Known by several common names including "Busy Lizzy," "Touch-Me-Not" and "Blooming Idiot," Impatiens is both the genus and the common name. The name fits because the plant truly is impatient. The tiny seed pods ripen and burst open with the slightest touch as the plant impatiently scatters its seeds to the wind.Impatiens arrived in the western world in 1896. Dr. John Kirk, a British physician and naturalist, went with Dr. Livingstone on his African expeditions and later was a government official to Zanzibar. He collected impatiens and other plants. The scientific name, Impatiens sultani in honor of the sultan of Zanibar, was later changed to Inpatiens wallerana for Dr. Horace Waller. He was a missionary who worked with Livingstone and published his journals.

Early impatiens were open-pollinated, producing mixed flower colors. When I grew these plants, they produced no flowers, so I am very appreciative of the extensive hybridization that created beautiful new varieties.

Fortunately, plant breeders realized impatiens had great potential. From these early nondescript flowers, 15 different solid colors, five colors with white star patterns, and three picotee bi-colors have been created. Breeders continue to look for even more unusual, desirable kinds of plants.

Impatiens are categorized by height, flower size, flower form, flower color and foliage color. Plant height and flower size are related since the largest plants produce the largest flowers. Dwarf plants are 8 to 10 inches high, medium are 10 to 12 inches and tall are from 12 to 24 inches.

Flower diameter ranges from 1 to 2 inches. Flowers are single, semi-double or fully double blooms that resemble tiny roses. Colors include reds, oranges, scarlets, roses, salmons, pinks, orchid violets, whites and lavender blues. Adding the star and picotee patterns creates an almost endless palette of blossoms. Some new varieties have dark bronze leaves to contrast with the bright flower colors.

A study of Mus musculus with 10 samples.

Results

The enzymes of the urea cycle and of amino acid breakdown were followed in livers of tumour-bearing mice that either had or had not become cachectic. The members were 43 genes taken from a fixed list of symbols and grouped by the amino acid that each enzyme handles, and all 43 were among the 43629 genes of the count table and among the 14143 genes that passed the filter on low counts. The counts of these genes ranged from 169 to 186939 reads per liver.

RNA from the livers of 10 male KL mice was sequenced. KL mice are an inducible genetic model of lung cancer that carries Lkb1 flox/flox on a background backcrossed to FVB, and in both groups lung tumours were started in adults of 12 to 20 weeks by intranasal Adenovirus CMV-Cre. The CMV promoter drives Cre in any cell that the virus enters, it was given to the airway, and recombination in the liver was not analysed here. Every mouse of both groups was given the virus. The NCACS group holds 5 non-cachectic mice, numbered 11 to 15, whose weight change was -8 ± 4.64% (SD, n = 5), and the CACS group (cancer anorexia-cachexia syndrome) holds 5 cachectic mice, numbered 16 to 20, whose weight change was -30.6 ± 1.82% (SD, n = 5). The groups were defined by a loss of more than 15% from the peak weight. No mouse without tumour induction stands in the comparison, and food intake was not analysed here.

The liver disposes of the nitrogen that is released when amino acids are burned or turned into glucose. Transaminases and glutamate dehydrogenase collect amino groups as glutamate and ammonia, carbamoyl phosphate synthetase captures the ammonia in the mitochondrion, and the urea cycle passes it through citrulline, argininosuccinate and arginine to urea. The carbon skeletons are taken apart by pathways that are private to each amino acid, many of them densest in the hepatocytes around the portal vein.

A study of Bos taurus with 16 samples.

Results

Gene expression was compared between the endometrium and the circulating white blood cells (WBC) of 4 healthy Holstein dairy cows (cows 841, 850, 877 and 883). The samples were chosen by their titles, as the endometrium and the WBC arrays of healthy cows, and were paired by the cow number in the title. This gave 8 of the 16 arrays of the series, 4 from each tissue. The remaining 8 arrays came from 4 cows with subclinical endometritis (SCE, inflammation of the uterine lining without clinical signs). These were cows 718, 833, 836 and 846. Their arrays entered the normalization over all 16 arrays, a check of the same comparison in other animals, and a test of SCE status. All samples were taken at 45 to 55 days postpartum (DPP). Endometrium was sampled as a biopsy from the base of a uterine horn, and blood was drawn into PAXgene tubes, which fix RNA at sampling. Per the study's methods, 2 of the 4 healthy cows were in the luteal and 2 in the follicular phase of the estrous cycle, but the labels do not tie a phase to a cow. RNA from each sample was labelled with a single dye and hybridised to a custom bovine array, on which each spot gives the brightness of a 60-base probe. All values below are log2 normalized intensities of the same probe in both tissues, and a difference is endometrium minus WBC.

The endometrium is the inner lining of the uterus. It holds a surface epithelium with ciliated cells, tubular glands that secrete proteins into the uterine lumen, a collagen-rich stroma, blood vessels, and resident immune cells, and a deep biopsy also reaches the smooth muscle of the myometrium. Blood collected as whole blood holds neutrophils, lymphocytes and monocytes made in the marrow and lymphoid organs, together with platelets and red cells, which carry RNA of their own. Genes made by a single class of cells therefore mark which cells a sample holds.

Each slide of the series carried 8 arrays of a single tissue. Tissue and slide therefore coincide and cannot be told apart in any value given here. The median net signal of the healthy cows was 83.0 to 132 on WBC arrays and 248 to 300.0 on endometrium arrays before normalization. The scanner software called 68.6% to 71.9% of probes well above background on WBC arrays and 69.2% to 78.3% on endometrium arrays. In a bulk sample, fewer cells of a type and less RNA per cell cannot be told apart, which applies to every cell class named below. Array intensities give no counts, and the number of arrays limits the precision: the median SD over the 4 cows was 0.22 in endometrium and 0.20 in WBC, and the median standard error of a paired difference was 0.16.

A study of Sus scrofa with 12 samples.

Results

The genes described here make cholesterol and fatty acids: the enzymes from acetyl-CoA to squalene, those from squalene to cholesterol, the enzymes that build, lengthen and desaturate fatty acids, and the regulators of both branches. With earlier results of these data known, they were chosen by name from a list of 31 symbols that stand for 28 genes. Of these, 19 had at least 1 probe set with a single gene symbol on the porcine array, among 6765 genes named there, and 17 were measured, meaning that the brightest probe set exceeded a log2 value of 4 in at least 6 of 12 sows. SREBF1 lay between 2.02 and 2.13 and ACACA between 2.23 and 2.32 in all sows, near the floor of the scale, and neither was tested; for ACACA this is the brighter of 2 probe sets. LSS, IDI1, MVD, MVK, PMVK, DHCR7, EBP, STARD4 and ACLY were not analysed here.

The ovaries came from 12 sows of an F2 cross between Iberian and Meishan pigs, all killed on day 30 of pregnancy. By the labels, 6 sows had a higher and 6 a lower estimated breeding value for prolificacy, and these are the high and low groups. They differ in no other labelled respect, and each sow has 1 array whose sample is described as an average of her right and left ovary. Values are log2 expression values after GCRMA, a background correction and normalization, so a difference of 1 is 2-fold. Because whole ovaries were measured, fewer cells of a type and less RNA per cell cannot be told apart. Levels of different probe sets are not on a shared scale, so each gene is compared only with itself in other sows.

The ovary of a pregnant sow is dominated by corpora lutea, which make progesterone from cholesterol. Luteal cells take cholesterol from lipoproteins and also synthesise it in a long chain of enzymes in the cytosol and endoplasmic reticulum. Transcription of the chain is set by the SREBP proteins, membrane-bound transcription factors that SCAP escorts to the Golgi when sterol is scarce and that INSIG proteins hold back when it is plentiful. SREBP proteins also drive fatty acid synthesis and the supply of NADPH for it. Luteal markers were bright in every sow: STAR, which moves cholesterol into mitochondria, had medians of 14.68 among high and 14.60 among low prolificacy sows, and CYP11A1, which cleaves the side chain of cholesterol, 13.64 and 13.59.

A second class of hybrid impatiens from seed was introduced in 1989, as the "New Guinea Impatiens." These wonderful performers look like plants straight from a tropical rain forest. Although their journey was indirect, they offer wonderful new and interesting flowers.

Impatiens are great problem solvers because they are the showiest and easiest to grow shade-loving flowers. Avoid planting them under shrubs or other areas of deep shade. They thrive in filtered or partial shade. Ideal light is the kinder, gentler, morning sun, but protect them from the brunt of the afternoon heat. Newer varieties are much more tolerant of sunshine. Delay planting until danger of frost is past.

Impatiens are subject to serious diseases in the greenhouse, but I observe few problems in the garden. The major disease problem is Rhizoctonia, which can be partially controlled by plant rotation.

The only insect pest I've noticed are a few aphids. If predators don't control them, use an insecticide, a strong stream of water, or insecticidal soap. Spider mites are usually a problem when impatiens are planted in hot, dry, sunny areas. Avoid these locations and mites will probably leave your plants alone. Slugs and snails may attack transplants. Follow a diligent and consistent program to keep these pests at bay.

Once established in the garden, impatiens require little care. One major problem is overwatering. Because the plants grow in the shade and are tropical, many gardeners overwater them. Rain does not hurt the plants or the flowers, but water-logged soils encourage fungal diseases. Plants will wilt quickly with insufficient water so irrigate as needed.

Add a little fertilizer to get plants growing, but avoid excessive nitrogen. Over fertilized plants become long and leggy and produce fewer flowers.

These hybrid horticultural wonders are the right choice for shady gardens and may add color to many sunny locations. If you've not tried new varieties and colors, plant some this year. Although the flowers are a far cry from their African ancestors, these newly created blossoms will add that extra sparkle this season.